Cue the Whales

Cue the Whales

“Has anyone eaten bear?” asked Phil.  “I’ve heard that it tastes like pork.”  David didn’t miss a beat.  “Actually,” he said, “it's more like bat.”  Evidently, the bush meats commonly available in the African village where David had worked in the Peace Corps had regularly included bat, which was not considered an unusual dining option.  

Trips like our voyage on Arcturus can open one’s eyes to new worlds and new ways of thinking.  I did not immediately regard the coastal marine environment of southeast Alaska as one that would have the same “wilderness” values that I find, let’s say, on the open tundra of the arctic.  That all changed, however, after a few hikes in the Tongass and numerous encounters with marine mammals as we sailed or kayaked. 

I especially remember one fine morning on which a dozen or so gray whales surrounded he boat and escorted us like an honor guard.  Every so often, one of the animals would roll slightly, tilting its head so one eye would emerge from the water, presumably in order to get a better view of the boat and its crew.  It is not every day that you can gaze directly into the big round eye of a whale, exchanging what I firmly believe was a moment of mutual comprehension and awareness.

This is an excerpt from the latest Northern Passages blog.  Please click the link or visit the website to read the full post.


Wild Serenade

Bahrr-ohhh-nne!  Bahrr-ohhh-nne!  The deep tones resonated from the open hatch above our heads, echoing into the sleeping compartments behind.  Then came banging and crashing sounds, accompanied by whoops and exclamations, indicating that the boat was being boarded.

Nels and Miles came scampering down the aft ladder into the main cabin, doubled over with laughter and displaying the didgeridoos that had been the source of the atonal chorus.  And so began another day aboard Arcturus.

On the morning of the didgeridoo serenade, Nels had quietly awakened Miles and they had slipped away in kayaks as Arcturus rested at anchor in a secluded cove off Chichagof Island.  They found a bountiful bed of bull kelp nearby, the elongated blades growing up from the bottom of the bay, and cut the long cylindrical tubes into an ersatz Alaskan version of the musical instrument that originated in Australia.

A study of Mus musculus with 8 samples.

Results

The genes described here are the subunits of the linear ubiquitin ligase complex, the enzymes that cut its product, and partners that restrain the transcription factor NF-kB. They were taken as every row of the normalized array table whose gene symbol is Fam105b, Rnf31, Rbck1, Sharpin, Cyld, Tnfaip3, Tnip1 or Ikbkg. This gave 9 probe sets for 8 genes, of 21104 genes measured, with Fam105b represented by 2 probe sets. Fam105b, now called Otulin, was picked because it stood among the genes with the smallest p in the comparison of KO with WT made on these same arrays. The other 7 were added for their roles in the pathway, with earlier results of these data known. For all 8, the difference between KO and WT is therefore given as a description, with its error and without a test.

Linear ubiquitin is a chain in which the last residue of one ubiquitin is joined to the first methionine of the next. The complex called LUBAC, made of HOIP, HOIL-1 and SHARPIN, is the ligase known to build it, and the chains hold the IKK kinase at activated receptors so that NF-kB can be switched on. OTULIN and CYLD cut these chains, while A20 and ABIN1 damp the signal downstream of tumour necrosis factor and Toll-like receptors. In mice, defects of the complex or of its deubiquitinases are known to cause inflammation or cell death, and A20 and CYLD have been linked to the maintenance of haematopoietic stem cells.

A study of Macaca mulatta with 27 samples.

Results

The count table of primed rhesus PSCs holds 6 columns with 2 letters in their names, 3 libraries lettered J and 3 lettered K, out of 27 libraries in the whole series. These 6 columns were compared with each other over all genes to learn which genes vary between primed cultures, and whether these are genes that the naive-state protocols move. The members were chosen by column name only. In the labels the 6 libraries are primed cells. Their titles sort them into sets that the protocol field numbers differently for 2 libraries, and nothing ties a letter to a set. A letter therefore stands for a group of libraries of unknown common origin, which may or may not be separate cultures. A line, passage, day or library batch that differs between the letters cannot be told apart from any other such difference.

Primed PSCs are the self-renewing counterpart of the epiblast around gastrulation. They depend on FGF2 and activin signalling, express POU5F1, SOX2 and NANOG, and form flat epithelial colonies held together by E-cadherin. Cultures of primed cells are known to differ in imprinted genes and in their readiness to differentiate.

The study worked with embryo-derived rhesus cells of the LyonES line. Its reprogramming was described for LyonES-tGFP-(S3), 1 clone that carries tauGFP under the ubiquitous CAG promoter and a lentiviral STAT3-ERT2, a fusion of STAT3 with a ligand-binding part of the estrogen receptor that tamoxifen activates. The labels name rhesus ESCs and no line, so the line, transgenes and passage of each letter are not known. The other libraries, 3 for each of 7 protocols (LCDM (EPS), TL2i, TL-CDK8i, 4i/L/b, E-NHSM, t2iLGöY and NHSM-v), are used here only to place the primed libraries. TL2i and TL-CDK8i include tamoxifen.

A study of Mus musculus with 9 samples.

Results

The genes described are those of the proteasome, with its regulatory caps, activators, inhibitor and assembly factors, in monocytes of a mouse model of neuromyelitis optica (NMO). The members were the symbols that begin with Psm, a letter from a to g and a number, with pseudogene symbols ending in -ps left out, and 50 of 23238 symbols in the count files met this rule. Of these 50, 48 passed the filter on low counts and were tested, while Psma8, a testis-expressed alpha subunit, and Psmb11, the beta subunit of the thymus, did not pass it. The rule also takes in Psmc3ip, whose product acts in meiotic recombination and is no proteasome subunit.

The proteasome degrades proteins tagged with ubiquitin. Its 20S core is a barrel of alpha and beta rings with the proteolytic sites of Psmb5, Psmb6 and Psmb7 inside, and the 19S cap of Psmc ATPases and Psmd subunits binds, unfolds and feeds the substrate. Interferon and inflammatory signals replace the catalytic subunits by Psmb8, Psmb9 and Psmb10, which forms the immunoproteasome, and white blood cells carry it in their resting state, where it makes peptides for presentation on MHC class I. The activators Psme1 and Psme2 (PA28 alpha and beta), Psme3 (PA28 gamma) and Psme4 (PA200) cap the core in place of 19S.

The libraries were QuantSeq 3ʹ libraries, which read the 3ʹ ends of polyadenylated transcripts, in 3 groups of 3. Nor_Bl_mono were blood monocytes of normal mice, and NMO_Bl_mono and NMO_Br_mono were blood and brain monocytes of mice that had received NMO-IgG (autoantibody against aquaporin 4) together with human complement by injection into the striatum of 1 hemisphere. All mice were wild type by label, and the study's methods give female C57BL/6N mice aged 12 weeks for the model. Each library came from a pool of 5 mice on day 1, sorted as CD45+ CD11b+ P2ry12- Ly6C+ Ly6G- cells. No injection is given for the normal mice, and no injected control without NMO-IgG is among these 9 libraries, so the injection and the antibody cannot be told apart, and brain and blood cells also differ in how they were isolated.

Bahrr-ohhh-nne!  Bahrr-ohhh-nne!  The concert would have continued for quite some time but both Nels and Miles were dangerously close to passing out from hyperventilation as they tried to master the continuous breathing technique needed to keep the droning action of the didgerees going.

This is an excerpt from the latest Northern Passages blog.  To read the full article, please click the link or visit the website.


Crossing Bridges

I don't presume to understand the complex relationship between race and the experience of wilderness, or to generalize from the example of swimming pools to broader points about environmental justice.  I would note, however, that this is an increasingly fertile topic for critical race studies and other explorations of justice and equality.  

For example, in her book, Black Faces, White Spaces:  Reimagining the Relationship of African Americans to the Great Outdoors, Dr. Carolyn Finney writes that "national parks and forests can unintentionally become sites where African Americans experience insecurity, exclusion, and fear born of historical precedent, collective memory, and contemporary concerns."  

Many relatively new organizations, like Jourdan Keith's Urban Wilderness Project and Rue Mapp's Outdoor Afro, are working to bridge the historical divide between environmental advocacy and civil rights activism.  The major national conservation organizations are also increasingly aware that social justice issues, including greater inclusiveness for African Americans, Latinos and Native Americans, will be critical to the future of the environmental movement.

This is an excerpt from the Northern Passages blog on this topic.  Please click the link to read the full post.